A lawyer can help you through the closing process


While not always a necessity, a real estate attorney can help you understand the process and protect your interests as you purchase a property.

What does a real estate attorney do for a buyer?

Your real estate attorney plays an important role when it's time to close on your new house. They’re responsible for making sure you understand what’s in the Closing Disclosure before you sign (though it’s still your responsibility to read the documents carefully and compile a list of any questions you have).

A real estate attorney can represent either the buyer or the seller, but not both at the same time. In some cases, there will be an attorney representing the lender.

A real estate attorney can represent the buyer, the seller or the lender in a real estate transaction.

This attorney completes the title search, which investigates any ownership claims on the property, and handles other research before closing. The title search helps ensure a smooth transition from the seller to the buyer.

The attorney also prepares all legal documentation you’ll sign at closing, including the deed, the Closing Disclosure and the mortgage agreement. They may arrange the title insurance policy too.

A real estate attorney can draw up the settlement statement, which includes a summary of the borrower’s and the seller’s transactions. They’ll calculate other costs, like real estate commissions and final closing costs, and disburse the funds to the appropriate parties after closing.

Do I need a lawyer to buy a house?

You don’t need a lawyer to put in an offer on a home, but some states (including Connecticut, Georgia and West Virginia) require an attorney for some part of the closing process (like facilitating the closing itself). Other states, like Alabama and Wyoming, require an attorney to certify the title.

Your mortgage lender may use a real estate attorney for representation at closing. As the buyer, you’ll likely be responsible for funding these services (included in the closing costs).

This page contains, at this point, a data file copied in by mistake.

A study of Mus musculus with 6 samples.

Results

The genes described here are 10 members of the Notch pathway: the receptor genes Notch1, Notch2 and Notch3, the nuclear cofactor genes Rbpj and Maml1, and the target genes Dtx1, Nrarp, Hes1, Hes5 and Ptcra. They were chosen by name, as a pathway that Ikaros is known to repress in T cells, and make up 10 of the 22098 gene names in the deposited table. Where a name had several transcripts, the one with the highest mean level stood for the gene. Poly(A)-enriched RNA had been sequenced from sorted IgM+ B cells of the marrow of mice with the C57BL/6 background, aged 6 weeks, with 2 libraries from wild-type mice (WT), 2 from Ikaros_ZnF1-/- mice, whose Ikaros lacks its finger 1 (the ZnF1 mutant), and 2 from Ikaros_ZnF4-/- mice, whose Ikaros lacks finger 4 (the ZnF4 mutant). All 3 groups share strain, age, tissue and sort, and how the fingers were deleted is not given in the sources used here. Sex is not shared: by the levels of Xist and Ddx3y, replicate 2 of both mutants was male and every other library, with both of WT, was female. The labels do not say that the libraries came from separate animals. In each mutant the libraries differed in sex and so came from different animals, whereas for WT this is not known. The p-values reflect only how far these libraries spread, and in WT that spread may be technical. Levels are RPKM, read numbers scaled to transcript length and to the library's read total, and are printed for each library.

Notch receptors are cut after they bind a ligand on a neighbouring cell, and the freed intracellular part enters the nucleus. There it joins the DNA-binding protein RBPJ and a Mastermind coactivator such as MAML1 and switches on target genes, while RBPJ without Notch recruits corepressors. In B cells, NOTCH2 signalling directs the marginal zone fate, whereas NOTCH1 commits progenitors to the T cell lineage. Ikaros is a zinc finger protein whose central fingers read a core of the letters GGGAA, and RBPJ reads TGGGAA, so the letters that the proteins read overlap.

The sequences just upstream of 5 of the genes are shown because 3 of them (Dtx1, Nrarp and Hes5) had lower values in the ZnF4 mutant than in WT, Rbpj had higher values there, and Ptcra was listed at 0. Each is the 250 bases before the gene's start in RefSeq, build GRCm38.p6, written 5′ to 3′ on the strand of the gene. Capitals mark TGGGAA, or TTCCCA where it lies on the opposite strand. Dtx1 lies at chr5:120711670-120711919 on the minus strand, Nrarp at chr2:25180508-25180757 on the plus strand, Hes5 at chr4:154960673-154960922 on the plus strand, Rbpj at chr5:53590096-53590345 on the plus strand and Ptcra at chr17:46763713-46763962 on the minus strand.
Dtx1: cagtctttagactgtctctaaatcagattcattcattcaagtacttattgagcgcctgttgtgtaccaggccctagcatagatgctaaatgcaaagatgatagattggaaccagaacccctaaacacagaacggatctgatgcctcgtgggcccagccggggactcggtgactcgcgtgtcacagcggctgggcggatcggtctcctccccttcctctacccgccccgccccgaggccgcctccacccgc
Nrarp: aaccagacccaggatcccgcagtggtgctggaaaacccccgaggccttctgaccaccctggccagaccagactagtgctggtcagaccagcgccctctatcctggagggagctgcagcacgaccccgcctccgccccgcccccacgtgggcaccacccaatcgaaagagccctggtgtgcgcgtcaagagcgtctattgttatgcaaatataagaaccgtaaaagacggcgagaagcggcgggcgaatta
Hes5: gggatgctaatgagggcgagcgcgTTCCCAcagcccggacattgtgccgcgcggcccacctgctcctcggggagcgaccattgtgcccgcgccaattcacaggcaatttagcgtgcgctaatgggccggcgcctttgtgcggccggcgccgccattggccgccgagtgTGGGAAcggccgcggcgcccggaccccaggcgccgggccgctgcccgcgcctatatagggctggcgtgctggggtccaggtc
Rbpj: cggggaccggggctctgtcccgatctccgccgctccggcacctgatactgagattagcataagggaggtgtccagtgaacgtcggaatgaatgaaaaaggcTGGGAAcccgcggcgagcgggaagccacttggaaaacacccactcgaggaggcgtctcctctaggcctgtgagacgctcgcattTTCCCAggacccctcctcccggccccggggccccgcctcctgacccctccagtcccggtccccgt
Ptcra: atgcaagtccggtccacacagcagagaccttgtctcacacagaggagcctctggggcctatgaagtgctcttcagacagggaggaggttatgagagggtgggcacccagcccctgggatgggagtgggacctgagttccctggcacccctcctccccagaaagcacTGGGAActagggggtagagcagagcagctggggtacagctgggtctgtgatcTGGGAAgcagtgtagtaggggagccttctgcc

How to find a real estate lawyer

Finding a reputable attorney helps ensure that you're protected when buying a house. Real estate scams, like escrow wire fraud, are a growing concern today. You’ll want to do your research ahead of time to find the right professional for you.

Start by asking your friends and family for their recommendations. Your real estate agent is also a good source. Another option is to search the American Bar Association’s website for real estate lawyers in your state.

Once you’ve compiled a shortlist, you can search for each attorney on your state’s bar association website. You should be able to find their contact information and whether they’re eligible to practice law in your state (or in the state you’re moving to).

How much does a real estate attorney cost?

A real estate attorney usually charges either a flat or hourly fee. Your fees will vary based on the services they provide and the area you live in. Most flat fees range from $500 to $1,500, while hourly fees usually range from $150 to $350.

The attorney’s fees are often wrapped into the closing costs, which are outlined in the Loan Estimate you receive after you apply with the lender. You’ll also see the finalized closing costs in the Closing Disclosure, which you should receive at least three business days prior to closing.


    Not all states require an attorney for closing, but many do for at least some steps in the process. An attorney is required if you live in an “attorney closing state” (to facilitate the closing and prepare legal documents) or an “attorney title opinion state” (to certify the title).

    Even if your state doesn’t have an attorney requirement, it's often a good idea to hire one to protect yourself. Purchasing a home is one of the most important transactions of your life. A lawyer can look out for your best interests and answer any questions you have about the documents you’ll sign.

    ConsumerAffairs writers primarily rely on government data, industry experts and original research from other reputable publications to inform their work. To learn more about the content on our site, visit our FAQ page.
    1. Consumer Financial Protection Bureau, “Do I need an attorney or anyone else to represent me when closing on a mortgage?” Accessed March 1, 2022.
    2. National Association of Realtors, “Highlights From the Profile of Home Buyers and Sellers.” Accessed Feb. 24, 2022.